The aggressive pursuit of people’s homes, cash, and possessions through use of civil forfeiture laws continues to escalate, becoming an essential “cash cow” for law enforcement departments that show little or no transparency in how they spend the money they seize from those who haven’t even been formally charged with a crime, according to an updated report by the Institute for Justice (IJ).
In light of Attorney General Jeff Sessions recently rolling back a series of Obama-era restrictions on civil-asset forfeiture, the issue is front and center in policy discussions. In a statement announcing the Justice Department’s new directive, Sessions described civil forfeiture as a “key tool that helps law enforcement defund organized crime, take back ill-gotten gains, and prevent new crimes from being committed.”
However, in an expanded second edition of the report “Policing for Profit: The Abuse of Civil Asset Forfeiture,” IJ concluded that reforms are much needed in the present laws, ranking states by their protection of citizens’ rights with regard to civil forfeiture. Thirty-five states ranked below a “C,” with the 10 worst being New Jersey, Ohio, Oklahoma, Pennsylvania, South Dakota, Virginia, West Virginia, Wyoming. At the very bottom of the list are Massachusetts and North Dakota, the two states to receive an “F.”
The 2010 release of Policing for Profit, along with newspaper stories on questionable police seizures, brought more attention to the controversy. In recent years, New Mexico and Washington, D.C. passed reforms, and lawmakers across the country are taking more of an interest in civil forfeiture’s abuses in light of the staggering increases in seizures—in 2014, annual deposits into the Department of Justice’s Assets Forfeiture Fund reached $4.5 billion, a 4,667 percent increase over 1986.
The IJ report, written by Dick M. Carpenter II, Ph.D., Lisa Knepper, Angela C. Erickson and Jennifer McDonald, with contributions from Wesley Hottot and Keith Diggs, calls for abolishing civil forfeiture, and if not, to prevent law enforcement from seizing money and possessions until the standard is raised to “beyond a reasonable doubt.” As it stands, a person’s home or business can be seized without his or her being convicted or even charged with a crime.
The report also urges lawmakers to “remove any financial incentive for law enforcement to seize property.” When it comes to reform, “Opposition from law enforcement is fierce,” notes the new IJ report, which delves into the lack of transparency on what police do with the money seized in the chapter “Following the Funds.”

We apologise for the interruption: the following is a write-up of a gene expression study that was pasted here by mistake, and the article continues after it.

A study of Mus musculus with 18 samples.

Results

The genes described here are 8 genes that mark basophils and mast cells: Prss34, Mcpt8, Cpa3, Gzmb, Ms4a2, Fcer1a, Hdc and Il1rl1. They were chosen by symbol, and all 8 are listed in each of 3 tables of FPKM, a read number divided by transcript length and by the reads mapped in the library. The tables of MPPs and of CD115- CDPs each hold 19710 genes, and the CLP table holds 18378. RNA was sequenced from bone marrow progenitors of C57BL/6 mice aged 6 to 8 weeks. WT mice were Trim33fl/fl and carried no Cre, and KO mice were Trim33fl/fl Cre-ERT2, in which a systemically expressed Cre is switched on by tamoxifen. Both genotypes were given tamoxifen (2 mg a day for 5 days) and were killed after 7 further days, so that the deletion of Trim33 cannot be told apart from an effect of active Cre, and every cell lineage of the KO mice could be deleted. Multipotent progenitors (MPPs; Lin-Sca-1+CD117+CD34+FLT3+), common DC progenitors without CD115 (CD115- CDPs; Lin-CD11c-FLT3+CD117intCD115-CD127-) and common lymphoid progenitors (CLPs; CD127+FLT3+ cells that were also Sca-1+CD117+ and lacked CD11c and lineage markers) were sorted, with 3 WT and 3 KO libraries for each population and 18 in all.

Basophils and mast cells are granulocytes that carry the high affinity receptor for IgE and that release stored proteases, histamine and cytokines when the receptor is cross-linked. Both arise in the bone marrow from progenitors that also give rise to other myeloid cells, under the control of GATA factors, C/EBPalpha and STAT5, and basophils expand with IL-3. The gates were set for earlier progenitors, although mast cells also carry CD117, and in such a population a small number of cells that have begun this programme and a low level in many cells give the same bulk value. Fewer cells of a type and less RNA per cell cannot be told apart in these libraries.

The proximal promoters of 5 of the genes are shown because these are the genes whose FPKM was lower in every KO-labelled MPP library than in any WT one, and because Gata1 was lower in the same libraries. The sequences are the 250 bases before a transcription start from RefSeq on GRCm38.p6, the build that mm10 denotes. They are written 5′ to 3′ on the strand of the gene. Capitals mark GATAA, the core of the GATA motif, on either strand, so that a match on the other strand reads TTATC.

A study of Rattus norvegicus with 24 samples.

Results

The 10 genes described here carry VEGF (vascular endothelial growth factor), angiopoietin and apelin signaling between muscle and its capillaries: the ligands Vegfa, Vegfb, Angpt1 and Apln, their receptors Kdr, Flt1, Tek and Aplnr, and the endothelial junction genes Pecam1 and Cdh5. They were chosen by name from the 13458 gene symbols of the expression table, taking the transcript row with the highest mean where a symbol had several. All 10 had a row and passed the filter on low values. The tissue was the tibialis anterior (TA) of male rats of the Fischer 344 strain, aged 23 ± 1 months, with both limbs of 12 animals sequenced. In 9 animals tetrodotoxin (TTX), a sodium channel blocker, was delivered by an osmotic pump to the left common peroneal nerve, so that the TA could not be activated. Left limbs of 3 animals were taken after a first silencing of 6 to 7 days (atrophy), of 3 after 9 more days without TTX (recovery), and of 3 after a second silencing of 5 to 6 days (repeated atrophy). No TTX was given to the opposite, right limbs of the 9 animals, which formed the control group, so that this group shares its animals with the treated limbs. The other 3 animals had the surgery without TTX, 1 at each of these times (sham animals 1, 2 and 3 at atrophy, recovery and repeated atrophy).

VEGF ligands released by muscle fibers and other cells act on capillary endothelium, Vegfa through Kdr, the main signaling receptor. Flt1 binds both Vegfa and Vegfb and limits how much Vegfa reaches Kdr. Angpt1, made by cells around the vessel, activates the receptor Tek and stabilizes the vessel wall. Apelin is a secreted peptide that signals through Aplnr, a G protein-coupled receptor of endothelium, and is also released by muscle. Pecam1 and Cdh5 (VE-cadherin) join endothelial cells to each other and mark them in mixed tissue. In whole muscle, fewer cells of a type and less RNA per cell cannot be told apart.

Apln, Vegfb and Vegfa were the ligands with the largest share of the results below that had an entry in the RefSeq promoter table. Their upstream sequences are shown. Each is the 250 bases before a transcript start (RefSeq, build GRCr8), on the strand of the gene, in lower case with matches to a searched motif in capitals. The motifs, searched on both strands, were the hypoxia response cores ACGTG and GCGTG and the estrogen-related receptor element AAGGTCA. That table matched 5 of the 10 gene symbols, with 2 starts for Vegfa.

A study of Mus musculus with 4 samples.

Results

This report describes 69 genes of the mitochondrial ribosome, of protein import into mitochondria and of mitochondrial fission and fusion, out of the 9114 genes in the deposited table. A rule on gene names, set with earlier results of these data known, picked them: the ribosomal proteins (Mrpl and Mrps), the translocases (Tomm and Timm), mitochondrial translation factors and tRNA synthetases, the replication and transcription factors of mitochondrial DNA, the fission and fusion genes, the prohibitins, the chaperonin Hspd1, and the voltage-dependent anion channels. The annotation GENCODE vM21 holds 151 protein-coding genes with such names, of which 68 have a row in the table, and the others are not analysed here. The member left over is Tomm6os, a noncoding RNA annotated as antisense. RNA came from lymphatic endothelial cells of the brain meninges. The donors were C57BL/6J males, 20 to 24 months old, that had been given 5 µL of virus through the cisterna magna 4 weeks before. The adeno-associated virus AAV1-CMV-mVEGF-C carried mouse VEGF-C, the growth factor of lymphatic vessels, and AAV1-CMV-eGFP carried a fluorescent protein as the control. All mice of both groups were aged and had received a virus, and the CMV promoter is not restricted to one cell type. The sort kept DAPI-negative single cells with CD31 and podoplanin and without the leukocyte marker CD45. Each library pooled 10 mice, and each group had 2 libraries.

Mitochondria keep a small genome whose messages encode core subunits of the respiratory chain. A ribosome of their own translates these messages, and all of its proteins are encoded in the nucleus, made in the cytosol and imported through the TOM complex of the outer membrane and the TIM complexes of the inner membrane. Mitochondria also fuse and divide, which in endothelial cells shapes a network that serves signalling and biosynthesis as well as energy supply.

According to the report, “most jurisdictions lack any reporting requirements for forfeiture expenditure.” Across the country, the three law-enforcement categories receiving funds appear to be salaries, equipment, and “other.” The IJ was able to obtain “equitable sharing records” from eight states. In this group, between 15 percent and 34 percent of forfeitures went to equipment and between 23 and 40 percent went to “other law enforcement expenses.” Just 1.7 percent of the money seized by police went to community programs such as crime prevention and drug abuse treatment, “despite the importance civil forfeiture’s defenders often place on such spending.” For example, Arizona spent 23 percent ($4.8 million) of state forfeiture gains on salaries, 35 percent ($7.5 million) on “other,” and 23 percent ($4.9 million) on equipment.
“Incentives matter to law enforcement,” the report concludes, “and when decisions are made about civil forfeiture, the ease of the process and, especially, the possibility of financial reward are key factors. This is a dangerous reality given that allowing law enforcement to self-generate revenue undermines democratic controls, distorts law enforcement priorities and puts property owners at risk.”
This summary was prepared by TCR Deputy Web Editor Nancy Bilyeau. The full report can be found online here.